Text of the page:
Sunday, April 17, 2016

TV Show Review: Vinyl Season 1

Martin Scorcese and Mick Jagger have joined with Terrence Winter, who I'm not sure will still be available to work with the show, to make a 1970s drama about the struggles of a record company to make hits during an interesting time in music. Vinyl revolves around American Century run by Richie Finestra and his business partner. Bobby Cannavale finally gets his lead performance after being an amazing villain in Boardwalk Empire and plenty of other impressive performance.

Richie's behavior is often off-the-wall outrageous and his drug usage causes him no end of grief. He ends up estranged from his wife played by Olivia Wilde. She has caught the eye of Andy Warhol and leaves the record company owner for a photographer. Despite Finestra's begging, she refuses to fall for his ploys anymore and put her children in harm's way.

The record company has tons of financial issues after they don't sell to a German company and fall in with the mob. Finestra also has to deal with the fact that he was involved in a murder of a guy that controls the radio waves. The mob doesn't help out much with Paul Ben-Victor, a great character actor who has played plenty of gangsters including the Greek connection in The Wire, moving into the office.

Ray Romano turns to a dramatic performance after a long career in comedy and has some exceptional scenes as another partner in the record company. The episodes where Zak Yankovich and Richie got to Vegas was one of the best of the show.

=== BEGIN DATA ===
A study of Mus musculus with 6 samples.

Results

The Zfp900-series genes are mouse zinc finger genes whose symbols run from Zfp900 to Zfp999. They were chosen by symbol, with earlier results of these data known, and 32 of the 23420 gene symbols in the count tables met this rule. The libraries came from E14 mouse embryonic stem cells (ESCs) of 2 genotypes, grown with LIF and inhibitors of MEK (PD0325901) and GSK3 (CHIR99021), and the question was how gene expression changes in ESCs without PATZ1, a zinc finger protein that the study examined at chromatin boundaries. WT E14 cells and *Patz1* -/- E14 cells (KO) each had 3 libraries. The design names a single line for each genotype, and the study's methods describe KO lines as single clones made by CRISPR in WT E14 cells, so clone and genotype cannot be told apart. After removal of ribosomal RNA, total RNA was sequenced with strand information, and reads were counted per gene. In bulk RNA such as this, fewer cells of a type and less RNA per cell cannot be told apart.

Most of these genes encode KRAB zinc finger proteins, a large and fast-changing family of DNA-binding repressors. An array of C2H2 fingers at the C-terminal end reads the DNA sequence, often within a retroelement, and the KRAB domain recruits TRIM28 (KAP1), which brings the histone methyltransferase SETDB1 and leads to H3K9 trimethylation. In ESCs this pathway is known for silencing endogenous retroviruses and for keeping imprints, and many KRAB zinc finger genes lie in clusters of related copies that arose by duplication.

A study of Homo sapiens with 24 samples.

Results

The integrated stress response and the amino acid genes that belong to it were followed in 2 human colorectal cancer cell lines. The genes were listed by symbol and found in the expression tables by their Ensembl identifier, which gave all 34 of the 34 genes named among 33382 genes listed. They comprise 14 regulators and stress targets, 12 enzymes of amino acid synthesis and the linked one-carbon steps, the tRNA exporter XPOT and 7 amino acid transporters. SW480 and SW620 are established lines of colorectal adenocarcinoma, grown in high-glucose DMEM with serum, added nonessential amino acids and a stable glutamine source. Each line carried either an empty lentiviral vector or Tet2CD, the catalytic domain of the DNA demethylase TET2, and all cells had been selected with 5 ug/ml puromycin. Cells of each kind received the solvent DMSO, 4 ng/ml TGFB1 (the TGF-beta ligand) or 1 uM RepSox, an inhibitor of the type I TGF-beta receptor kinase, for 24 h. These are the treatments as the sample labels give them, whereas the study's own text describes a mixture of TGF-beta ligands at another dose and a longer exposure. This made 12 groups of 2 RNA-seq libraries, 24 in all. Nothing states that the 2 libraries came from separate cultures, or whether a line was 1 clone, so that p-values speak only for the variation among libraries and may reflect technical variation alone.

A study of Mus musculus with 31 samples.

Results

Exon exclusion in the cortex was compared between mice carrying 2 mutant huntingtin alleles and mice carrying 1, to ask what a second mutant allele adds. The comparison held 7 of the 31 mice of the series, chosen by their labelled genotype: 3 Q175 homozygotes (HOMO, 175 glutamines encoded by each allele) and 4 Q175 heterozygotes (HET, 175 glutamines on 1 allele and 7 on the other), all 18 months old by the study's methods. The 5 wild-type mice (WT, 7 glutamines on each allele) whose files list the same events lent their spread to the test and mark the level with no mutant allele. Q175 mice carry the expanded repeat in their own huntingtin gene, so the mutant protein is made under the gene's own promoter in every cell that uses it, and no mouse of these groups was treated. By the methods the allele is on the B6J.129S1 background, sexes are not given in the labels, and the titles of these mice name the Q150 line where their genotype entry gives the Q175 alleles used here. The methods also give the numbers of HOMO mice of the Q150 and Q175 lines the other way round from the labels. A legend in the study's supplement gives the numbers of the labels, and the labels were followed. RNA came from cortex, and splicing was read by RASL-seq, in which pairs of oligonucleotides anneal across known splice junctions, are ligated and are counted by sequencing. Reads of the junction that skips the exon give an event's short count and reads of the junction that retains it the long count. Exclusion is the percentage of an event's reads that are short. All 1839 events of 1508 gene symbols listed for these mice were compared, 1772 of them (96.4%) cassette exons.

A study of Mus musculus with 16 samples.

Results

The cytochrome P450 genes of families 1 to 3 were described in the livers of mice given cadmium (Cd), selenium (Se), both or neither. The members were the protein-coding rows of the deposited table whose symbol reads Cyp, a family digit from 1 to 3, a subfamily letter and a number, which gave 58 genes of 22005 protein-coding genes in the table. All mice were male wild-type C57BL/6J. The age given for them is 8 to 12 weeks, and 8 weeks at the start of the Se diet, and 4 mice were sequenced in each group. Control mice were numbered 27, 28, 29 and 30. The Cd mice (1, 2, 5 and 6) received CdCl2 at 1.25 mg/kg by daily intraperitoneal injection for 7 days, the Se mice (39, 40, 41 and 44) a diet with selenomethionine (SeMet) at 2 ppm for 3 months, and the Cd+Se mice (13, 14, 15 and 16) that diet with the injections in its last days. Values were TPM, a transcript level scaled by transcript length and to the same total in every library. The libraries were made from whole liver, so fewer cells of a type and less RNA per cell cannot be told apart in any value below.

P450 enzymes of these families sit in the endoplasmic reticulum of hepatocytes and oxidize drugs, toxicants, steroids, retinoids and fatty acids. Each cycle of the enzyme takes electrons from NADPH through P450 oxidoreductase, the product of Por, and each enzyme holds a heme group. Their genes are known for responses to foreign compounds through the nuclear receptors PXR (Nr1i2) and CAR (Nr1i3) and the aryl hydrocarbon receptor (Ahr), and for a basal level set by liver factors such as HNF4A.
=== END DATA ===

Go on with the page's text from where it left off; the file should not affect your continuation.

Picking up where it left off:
There are plenty of worthwhile performances in this show though it takes a long time to get going. The cocaine use is off the charts but this is the seventies. The score, of course, is awesome and it is cool to see this time period depicted again. 

Some of the actors I really enjoyed were James Jagger, Mick Jagger's son who plays the lead singer of the band the Nasty Bits who the record company depends a lot on, Ato Essandoh as a talented singer but his throat was destroyed by a mob attack, Jack Quaid as Clark Monelle, a promoter demoted to the mail room who pushes a new dance track at the local clubs, and Juno Temple as the coffee girl who discovers the Nasty Bits. 

There are other actors that helped this show along and the directing in several episodes was pretty awesome but this show might not have what it takes to go more than a few season. I don't think the ratings are very high but I hope Cannavale gets plenty of new roles!